Office environment design urgently needs "paradigm shift"



Throughout the years, the destination for most old furniture has been the landfill, especially when it

comes to the recycling and reuse of office furniture. This is because, for both users and providers, this

disposal method is the simplest and most cost-effective choice.


However, the global pandemic outbreak has reminded us once again that worldwide crises can arise at

any moment. Low-carbon environmental protection and sustainable development are issues that require

our utmost attention.





                                                   1、Why is it so difficult to recycle and reuse

                  office furniture?

According to statistics from relevant organizations, the recycling rates of waste have increased in various

regions of the UK over the past year. Out of 4,729 surveyed UK adults, 89% stated that they frequently

recycle waste, and 56% claimed to have recycled more waste in the past year. However, these figures do

not reflect the recycling and reuse rates of waste materials in the commercial sector, particularly in office



In 2020, the UK government released a document addressing waste prevention in England, emphasizing

the importance of resource efficiency. This included not only increasing recycling rates but also reducing

the amount of waste generated. Wales and Scotland have been at the forefront, introducing circular

economy strategies.


For office furniture manufacturers and service providers closely associated with workplace environments,

recycling old furniture poses more challenges. The production costs of most office furniture are evidently

lower compared to the costs of reusing and repairing old furniture. Similarly, for users, purchasing new

furniture is often more convenient and cost-effective than reuse and repair. Moreover, logistics issues and

the associated costs of transporting individual products back to manufacturers for repairs are often

prohibitive for most people.


Due to these reasons, the scope of furniture reuse is currently limited mainly to a few high-end products.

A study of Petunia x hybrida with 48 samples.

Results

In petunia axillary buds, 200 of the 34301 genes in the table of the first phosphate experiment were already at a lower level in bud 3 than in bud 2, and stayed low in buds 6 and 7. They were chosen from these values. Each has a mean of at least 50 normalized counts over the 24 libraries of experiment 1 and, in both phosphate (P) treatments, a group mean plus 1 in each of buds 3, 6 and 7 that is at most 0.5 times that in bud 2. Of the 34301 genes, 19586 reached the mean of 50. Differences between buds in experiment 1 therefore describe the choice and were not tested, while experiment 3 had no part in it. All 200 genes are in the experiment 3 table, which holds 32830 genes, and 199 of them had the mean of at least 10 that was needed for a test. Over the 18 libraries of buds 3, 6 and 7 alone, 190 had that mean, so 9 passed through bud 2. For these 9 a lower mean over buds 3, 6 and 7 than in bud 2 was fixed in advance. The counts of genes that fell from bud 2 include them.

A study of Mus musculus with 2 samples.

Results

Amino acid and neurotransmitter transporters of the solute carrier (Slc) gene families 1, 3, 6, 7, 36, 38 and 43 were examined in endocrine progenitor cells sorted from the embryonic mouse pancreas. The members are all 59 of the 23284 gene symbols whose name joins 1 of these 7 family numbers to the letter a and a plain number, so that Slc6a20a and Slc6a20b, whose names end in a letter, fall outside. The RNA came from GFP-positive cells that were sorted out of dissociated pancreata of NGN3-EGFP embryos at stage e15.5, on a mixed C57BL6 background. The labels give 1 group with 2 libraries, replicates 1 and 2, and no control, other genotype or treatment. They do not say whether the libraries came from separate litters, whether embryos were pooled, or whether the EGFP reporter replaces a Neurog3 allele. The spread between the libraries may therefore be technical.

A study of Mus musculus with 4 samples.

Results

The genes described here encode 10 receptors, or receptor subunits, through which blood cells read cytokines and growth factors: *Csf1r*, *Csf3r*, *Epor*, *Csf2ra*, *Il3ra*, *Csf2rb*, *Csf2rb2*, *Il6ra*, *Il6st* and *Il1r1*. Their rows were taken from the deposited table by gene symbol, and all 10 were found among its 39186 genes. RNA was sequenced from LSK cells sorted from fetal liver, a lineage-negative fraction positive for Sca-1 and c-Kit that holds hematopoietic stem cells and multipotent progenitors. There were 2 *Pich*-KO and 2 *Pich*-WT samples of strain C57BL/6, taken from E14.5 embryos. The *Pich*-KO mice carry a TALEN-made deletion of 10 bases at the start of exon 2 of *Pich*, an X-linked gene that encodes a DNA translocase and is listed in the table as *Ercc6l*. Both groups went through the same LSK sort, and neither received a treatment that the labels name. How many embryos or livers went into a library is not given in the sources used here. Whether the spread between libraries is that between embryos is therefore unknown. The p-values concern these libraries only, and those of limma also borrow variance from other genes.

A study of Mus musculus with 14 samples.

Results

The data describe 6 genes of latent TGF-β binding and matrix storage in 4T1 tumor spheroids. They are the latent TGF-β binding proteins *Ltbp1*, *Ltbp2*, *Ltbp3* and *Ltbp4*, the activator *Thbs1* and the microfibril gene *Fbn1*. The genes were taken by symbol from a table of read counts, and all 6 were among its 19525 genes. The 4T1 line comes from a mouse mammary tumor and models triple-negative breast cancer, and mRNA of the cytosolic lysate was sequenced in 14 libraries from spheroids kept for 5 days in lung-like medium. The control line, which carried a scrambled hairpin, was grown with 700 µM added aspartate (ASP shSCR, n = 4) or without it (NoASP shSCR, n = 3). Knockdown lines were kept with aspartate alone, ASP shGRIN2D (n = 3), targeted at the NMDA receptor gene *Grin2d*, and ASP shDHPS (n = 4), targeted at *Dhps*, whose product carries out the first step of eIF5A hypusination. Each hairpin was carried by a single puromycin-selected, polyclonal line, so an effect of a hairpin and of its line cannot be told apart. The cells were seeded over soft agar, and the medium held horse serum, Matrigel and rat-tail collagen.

The majority of low-end furniture discarded from workplaces lacks demand in the second-hand furniture

market due to issues related to materials, quality, and design.



                  2、Only through a circular economy can product

                  reuse be achieved.

In the proposals announced by the UK government, there is a plan to further expand the responsibility

of producers to bear the costs of recycling, reuse, and recycling. It encourages considering the reduction

of costs associated with product reuse and repair starting from the product design phase. This proposal

includes bulky products such as furniture and mattresses.


However, the aforementioned proposal has sparked debates. The Furniture Industry Research Association

in the UK has issued a statement, warning that achieving the goals of the extended producer responsibility

plan for furniture by the end of 2025 would be challenging.


France has taken a slightly different approach with its extended producer responsibility plan. It requires

producers to pay an "ecological fee" that must be clearly stated when selling materials. Companies can

offset this fee by obtaining ecological credits through financial subsidies. Encouragingly, more companies

are investing in the refurbishment and remodeling industry for old products, and the carpet industry is

leading the way.


However, the reality is that only a small portion of recycled products are truly reused, while the majority

end up in landfills or incineration, leading to increased carbon emissions and diminishing the purpose of



Therefore, when discussing the recycling and reuse of office furniture, we need to consider the following

questions: How can products be made reusable at a low cost? How can the costs of logistics and storage

be reduced? Can manufacturers effectively utilize old products as materials for producing "new products"?

Sustainability comes with a cost, so how can we mitigate this cost? Is a global carbon tax part of the

solution? The latter is also a challenge faced by end-users.


It can be said that the aspiration for zero carbon emissions is admirable, but it is only through a circular

economy that significant waste reduction can be achieved and this goal can be realized.


#office environment design #paradigm shift #sustainability #recycling #reuse #office furniture #low-carbon

environmental protection #circular economy.